A narrowing of the curriculum in secondary schools could impact on student outcomes – particularly for those from deprived backgrounds - according to new research.
A study by Dr Marina Shapira and Professor Mark Priestley, of the University of Stirling, found there was a reduction in the number of subject choices, and in subject enrolment by S4 pupils, between 2011 and 2017.
The main reduction took place in 2013-2014, when the new National 3-5 level qualifications were introduced. Although there was a reduction in the number of subject choices being offered across the country, it varied by local authority and was larger for schools in areas of higher deprivation.
Dr Shapira, Lecturer in Quantitative Research Methods, this week gave evidence at the Scottish Parliament Education and Skills Committee.
She said existing research showed that subject choices made by young people in S4 were strongly related to subject choices made in S5 and S6 and, later, to their career opportunities and ability to make a transition to Higher Education.
Dr Shapira said: “Therefore, our findings about the relationship between the characteristics of schools - such as the percentage of children from disadvantaged backgrounds and the level of deprivation of the school postcode area - and subject choice in S4, indicate that the developments under the Curriculum for Excellence might have a long-term adverse effect on educational outcomes, and the social and economic mobility opportunities for young people from disadvantaged socio-economic backgrounds.”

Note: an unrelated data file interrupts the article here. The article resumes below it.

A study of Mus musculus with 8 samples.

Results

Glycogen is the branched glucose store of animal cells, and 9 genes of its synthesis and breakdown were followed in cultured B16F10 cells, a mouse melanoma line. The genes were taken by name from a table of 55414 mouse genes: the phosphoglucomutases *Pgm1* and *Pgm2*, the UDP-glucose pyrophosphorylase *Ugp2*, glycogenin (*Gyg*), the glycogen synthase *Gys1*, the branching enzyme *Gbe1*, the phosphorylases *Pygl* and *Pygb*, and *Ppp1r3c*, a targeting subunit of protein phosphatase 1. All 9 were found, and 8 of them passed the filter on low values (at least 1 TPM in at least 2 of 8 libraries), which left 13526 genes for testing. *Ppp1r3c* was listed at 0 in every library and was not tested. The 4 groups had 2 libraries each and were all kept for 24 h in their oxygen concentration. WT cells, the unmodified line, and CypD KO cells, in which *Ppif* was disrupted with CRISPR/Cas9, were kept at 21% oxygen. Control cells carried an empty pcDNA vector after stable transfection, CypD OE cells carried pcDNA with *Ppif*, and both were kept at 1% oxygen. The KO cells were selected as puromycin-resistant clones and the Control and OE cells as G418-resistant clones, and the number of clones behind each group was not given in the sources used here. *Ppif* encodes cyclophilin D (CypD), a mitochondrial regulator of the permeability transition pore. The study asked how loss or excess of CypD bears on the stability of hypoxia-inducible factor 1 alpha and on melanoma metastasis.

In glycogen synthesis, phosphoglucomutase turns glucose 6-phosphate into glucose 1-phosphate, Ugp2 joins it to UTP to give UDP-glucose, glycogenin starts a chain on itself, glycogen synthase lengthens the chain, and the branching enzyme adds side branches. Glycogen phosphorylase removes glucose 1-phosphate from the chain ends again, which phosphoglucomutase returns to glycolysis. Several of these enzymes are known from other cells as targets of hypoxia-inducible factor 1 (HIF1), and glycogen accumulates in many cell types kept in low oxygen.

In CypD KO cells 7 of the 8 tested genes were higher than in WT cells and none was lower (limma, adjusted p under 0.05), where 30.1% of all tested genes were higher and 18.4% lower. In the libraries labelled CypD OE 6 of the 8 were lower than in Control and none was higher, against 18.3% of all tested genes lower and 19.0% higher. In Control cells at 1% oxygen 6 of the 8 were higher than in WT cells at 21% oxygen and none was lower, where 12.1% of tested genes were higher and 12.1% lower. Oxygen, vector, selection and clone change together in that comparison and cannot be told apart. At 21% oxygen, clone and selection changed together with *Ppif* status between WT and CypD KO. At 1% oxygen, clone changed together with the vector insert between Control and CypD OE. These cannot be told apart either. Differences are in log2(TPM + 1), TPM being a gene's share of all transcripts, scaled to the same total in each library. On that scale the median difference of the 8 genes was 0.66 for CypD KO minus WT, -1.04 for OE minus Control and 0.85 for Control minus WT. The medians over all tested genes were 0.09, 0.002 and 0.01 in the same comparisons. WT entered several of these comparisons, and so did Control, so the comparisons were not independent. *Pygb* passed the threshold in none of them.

The research found that although on average there was an increase in the proportion of entries in the sciences, young people in the least deprived areas were almost three times more likely to enrol in these subjects, while an increase in the proportion of entries for vocational subjects was largest for those attending schools in the most deprived areas.
There was a considerable reduction in the proportion of entries for modern languages across the board, but this was larger for schools in areas with a higher level of deprivation.
Schools with a higher teacher/student ratio, and those offering more subjects at National 5 level, had more entries per student. Schools with a larger number of students entitled to free school meals and a bigger proportion of pupils with special learning support needs, had fewer subject entries per student.